It looks like Colorado won’t have a functioning uranium mill anytime soon – to the relief of anti-nuclear advocates.
We reported in July that Cotter Corp. was planning to reopen its Canon City site by 2014. Legislation passed this spring means that Cotter would have to clean up prior contamination before starting to process uranium ore again. Now the company plans to stop the monitoring it was doing for toxic emissions at the site -- a signal that it won't continue trying to reopen the mill.
The Denver Post reports:
Cotter Corp. has informed regulators it will close two toxic-waste impoundment ponds at the mill "as soon as reasonably achievable," according to a letter Cotter sent to the U.S. Environmental Protection Agency.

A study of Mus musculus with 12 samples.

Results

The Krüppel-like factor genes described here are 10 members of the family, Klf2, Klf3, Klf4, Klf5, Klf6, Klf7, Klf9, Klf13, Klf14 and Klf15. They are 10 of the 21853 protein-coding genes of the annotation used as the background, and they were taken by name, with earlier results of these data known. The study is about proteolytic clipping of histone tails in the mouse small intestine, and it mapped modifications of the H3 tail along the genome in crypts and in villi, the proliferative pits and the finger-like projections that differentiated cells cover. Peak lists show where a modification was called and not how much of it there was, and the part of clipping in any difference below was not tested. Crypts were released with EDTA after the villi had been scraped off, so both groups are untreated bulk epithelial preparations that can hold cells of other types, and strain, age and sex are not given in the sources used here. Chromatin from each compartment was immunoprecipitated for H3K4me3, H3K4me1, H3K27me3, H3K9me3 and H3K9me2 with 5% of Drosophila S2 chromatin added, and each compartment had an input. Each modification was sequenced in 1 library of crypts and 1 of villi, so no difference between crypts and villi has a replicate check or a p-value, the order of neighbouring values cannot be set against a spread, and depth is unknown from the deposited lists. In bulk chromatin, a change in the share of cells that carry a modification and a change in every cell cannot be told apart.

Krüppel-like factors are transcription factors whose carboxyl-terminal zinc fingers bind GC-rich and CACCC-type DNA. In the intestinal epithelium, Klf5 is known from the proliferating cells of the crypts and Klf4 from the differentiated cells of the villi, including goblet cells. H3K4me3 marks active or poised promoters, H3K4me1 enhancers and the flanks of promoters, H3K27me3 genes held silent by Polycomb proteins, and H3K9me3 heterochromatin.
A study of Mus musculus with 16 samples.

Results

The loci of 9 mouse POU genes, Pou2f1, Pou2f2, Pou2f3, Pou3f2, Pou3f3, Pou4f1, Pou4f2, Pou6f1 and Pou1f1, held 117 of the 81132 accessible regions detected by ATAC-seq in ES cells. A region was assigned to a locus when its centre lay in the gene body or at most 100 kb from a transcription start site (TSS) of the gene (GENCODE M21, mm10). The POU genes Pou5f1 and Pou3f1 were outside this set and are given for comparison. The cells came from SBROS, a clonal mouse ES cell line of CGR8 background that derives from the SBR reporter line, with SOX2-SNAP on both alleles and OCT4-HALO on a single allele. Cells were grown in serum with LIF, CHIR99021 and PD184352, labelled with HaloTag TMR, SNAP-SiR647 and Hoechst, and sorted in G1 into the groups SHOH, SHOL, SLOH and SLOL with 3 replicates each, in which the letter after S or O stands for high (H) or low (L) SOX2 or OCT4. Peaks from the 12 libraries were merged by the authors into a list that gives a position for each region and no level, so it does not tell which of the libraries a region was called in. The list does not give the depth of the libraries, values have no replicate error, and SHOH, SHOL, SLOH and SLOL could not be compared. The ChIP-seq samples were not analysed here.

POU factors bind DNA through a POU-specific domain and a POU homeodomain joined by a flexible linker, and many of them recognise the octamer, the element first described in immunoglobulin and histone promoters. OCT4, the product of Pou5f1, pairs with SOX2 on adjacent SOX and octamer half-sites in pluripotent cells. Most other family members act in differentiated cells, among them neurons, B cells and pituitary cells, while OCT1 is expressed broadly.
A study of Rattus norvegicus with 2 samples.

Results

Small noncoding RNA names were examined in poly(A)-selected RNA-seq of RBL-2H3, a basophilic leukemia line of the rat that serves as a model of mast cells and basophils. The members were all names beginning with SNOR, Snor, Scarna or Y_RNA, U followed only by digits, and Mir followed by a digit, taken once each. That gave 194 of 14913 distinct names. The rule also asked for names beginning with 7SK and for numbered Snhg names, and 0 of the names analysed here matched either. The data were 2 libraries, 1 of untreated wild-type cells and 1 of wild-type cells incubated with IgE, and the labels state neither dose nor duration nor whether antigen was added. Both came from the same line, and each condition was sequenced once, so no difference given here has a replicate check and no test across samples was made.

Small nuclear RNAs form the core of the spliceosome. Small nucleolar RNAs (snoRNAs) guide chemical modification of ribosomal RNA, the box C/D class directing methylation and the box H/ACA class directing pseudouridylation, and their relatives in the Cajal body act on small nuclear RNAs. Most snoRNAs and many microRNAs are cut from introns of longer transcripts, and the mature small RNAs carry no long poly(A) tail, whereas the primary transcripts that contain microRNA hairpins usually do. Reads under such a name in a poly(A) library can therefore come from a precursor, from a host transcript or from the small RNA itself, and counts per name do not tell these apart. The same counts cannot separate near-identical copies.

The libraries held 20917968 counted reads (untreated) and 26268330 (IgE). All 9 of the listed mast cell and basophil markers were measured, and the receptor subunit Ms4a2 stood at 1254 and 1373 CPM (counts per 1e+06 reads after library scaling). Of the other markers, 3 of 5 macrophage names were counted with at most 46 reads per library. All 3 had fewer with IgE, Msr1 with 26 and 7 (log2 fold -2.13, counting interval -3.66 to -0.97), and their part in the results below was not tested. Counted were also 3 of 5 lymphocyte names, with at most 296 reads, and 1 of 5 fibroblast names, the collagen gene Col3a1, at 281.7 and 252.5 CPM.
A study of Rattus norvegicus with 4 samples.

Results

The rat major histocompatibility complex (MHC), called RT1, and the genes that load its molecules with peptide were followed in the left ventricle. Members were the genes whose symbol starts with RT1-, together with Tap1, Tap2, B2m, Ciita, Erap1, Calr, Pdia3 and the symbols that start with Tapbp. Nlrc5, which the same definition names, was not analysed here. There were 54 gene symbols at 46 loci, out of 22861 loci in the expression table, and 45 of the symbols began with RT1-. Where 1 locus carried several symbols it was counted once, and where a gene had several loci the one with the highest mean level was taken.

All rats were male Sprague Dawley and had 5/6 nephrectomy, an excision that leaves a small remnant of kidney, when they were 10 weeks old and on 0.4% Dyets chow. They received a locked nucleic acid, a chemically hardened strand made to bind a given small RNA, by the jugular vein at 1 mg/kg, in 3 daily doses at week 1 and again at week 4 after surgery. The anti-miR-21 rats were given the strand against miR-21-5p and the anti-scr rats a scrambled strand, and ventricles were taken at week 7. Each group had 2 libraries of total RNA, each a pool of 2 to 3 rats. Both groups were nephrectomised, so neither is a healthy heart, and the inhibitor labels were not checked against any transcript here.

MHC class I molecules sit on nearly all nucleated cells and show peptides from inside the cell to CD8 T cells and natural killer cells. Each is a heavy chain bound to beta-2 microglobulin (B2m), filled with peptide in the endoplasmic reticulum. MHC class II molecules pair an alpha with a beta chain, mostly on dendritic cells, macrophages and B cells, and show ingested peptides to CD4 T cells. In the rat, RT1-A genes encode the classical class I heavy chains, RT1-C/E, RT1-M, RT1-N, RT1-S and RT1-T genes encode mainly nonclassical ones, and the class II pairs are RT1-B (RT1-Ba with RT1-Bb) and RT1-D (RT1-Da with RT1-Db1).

Cotter, which had previously said the mill would be reopened, now has told state regulators it will stop testing for radon emissions at the site because it is "no longer an active facility" subject to regulation.
The apparent reversal, and Cotter's decision to stop testing for radon emissions, caught local leaders by surprise.
County commissioners and local residents are questioning whether Cotter can abandon its radon-testing responsibilities at the Superfund site and whether its bond will cover the costs of final cleanup (the bond is at $14.7 million, and Cotter has offered to increase it to $20.8 million, reports the Post).
UPDATE: On Aug. 20 the Denver Post reported that Cotter now says it has no plans to abandon the mill site:
Cotter Corp. will dismantle its toxic-waste ponds and buildings at a uranium mill south of Cañon City, but it intends to keep its license from state regulators to operate at the site and may reopen, the company's vice president for operations said Thursday.
Jodi Peterson is HCN's managing editor.